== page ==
Saudi Arabia sentenced 14 Shia muslims people to death accused for terrorism on Wednesday in the Shia Muslim minority area of Qatif in Eastern Province, scene of past anti-government protests.
Another nine people were given jail sentences of three to 15 years and one was acquitted, their defense lawyer, who asked to remain anonymous, told reporters.
He said the 24 defendants had been held for about three years and accused of carrying weapons and shooting at police. During 2011-14 protests, around 20 Shia muslim and several police officers were killed.
A spokesman for the Saudi justice ministry could not immediately be reached for a comment on the report.
Saudi Shia muslims have complain for many years that they suffer systematic discrimination in Saudi Arabia, whose majority follow a strict form of Wahhabi Sunni Islam that regards the minority sect as heretical. The government denies that.
On January 2 Saudi Arabia executed four Shia muslims convicted of similar crimes alongside 43 Sunnis accused of carrying out attacks for al Qaeda a decade ago.
Sheikh Nimr al-Nimr
The execution of the Shia muslims, including a prominent cleric Sheikh Nimr al-Nimr, by Sunni-led Saudi Arabia pushed up tensions with Iran and contributed to rising sectarian anger in some neighboring countries.
Sheikh Nimr al-Nimr in al-Awamiyah in Saudi Arabia’s Eastern Province whose arrest and execution created strong protest among political activist across the world.
Sheikh Nimr al-Nimr was very popular among youth and other people and critical of the Saudi Arabian government calling for free elections in Saudi Arabia and removing discrimination. He was arrested and tortured by Saudi authorities in 2006.
In 2009, he criticized Saudi authorities and call for Shia citizens’ rights.
On October 2014, Saudi Arabia’s Supreme Court approved death sentence of Nimr for “disobeying the ruler, inciting sectarian strife, and encouraging, leading and participating in demonstrations”.
Protests were held in various countries such as Iran, Iraq, Bahrain, Lebanon, Afghanistan, Pakistan, India, England, Norway, Sweden, Danmark, Germany, Turkey, Australia, and United States following the execution.
- Read: Anger grows in Saudi Arabia’s Shi’ite areas after execution of Shiite cleric Nimr al-Nimr
- Read: Worldwide protests continue over Saudi Arabian executions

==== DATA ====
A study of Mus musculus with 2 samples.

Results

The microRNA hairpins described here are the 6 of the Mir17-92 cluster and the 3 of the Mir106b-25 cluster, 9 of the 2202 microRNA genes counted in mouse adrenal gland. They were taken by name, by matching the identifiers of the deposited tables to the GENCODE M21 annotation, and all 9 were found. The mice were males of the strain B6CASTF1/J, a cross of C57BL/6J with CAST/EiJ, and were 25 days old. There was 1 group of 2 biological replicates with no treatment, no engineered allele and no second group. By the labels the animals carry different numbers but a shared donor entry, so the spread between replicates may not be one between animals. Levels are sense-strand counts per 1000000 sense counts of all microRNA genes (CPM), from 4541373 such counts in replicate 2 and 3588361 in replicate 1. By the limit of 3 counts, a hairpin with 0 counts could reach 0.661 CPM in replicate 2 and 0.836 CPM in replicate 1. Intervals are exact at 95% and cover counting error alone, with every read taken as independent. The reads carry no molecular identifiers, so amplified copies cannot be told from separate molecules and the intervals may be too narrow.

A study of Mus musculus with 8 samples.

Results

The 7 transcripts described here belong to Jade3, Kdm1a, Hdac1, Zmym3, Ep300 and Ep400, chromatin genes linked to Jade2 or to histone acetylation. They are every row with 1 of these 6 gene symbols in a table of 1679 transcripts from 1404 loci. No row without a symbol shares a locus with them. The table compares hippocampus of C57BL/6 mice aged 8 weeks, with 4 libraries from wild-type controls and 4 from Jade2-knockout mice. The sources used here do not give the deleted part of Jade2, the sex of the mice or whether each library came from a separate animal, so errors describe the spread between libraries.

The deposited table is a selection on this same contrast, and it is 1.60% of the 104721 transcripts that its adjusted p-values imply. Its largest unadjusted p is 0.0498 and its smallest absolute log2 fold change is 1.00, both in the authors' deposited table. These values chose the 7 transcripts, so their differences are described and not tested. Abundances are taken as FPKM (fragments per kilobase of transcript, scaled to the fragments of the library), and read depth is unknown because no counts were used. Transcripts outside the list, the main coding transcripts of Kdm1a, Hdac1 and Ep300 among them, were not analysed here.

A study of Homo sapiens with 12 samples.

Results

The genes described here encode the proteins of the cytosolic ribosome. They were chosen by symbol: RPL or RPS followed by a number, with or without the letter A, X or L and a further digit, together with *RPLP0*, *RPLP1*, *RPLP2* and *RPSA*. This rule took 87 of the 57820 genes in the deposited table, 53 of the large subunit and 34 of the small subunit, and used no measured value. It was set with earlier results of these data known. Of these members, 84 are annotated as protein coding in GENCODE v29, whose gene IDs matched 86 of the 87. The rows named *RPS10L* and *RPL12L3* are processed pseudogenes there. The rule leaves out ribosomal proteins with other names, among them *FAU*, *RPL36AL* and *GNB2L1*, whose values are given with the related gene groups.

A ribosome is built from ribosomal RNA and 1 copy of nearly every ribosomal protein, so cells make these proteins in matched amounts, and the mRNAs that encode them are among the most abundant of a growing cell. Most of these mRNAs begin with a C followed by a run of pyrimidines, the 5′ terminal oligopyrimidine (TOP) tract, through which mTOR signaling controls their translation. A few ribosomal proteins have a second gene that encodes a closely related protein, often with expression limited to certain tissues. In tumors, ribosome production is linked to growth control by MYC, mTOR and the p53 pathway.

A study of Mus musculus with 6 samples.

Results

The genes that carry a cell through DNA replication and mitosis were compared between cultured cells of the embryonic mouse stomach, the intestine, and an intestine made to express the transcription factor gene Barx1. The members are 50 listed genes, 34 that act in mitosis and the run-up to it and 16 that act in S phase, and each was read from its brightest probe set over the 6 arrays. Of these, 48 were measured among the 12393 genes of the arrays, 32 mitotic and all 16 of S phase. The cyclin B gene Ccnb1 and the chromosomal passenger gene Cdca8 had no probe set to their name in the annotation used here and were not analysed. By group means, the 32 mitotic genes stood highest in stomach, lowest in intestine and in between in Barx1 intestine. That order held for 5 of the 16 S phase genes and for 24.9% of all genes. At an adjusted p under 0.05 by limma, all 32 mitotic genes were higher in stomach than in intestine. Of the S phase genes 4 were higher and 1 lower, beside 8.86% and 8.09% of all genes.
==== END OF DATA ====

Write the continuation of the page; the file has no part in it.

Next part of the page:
International human rights groups have criticized Saudi Arabia’s justice system, which they say holds unfair trials, and have said that convictions for terrorism sometimes extend to peaceful protesters and are secured by torture.
Saudi Arabia has been compared to Daesh for a long time in the Middle East region, especially for their support for terrorist organizations in Iraq, Syria and Yemen.
Europe and the United States have in recent months discovered clear link between Saudi Arabia and terrorist organizations. In the US, Saudi Arabia is now directly connected to the 9/11 attacks.
Saudi Arabia has long been criticised for its harsh social codes and punishments, imposed under its puritanical version of Sharia law.
Ali Mohammed al-Nimr was arrested in February 2012 when he was just 17 and accused of organising protests. He was sentenced to death by beheading and crucifixion, along with his uncle, a leading Shia cleric. Philip Hammond, the Foreign Secretary, said last month he did not expect the sentence to be carried out. However, murderers, drug dealers and others convicted on purely criminal charges are often beheaded in public.
While women did in 2105 get to register to vote and can stand for local elections, they are still required to have permission from a “guardian” such as a father, husband or brother to travel freely. Wearing modest clothes and a headscarf in public is compulsory. They are also banned from driving – subject of the country’s most visible civil disobedience campaign in recent years.
The regime in Saudi Arabia has been strongly criticized by human rights organizations.
Hashtags #SueMeSaudi and #SaudiArabiaIsISIS has many hits every minute, and many want to mark their opposition and to show their distance to the brutal dictator regime in Saudi Arabia.
Saudi Arabia practice Wahhabism ideology, a strictly fundamentalist orientation within Sunni Islam, which in practice is the state religion in the country. It is also ideology direction that has inspired al-Qaida and DAESH.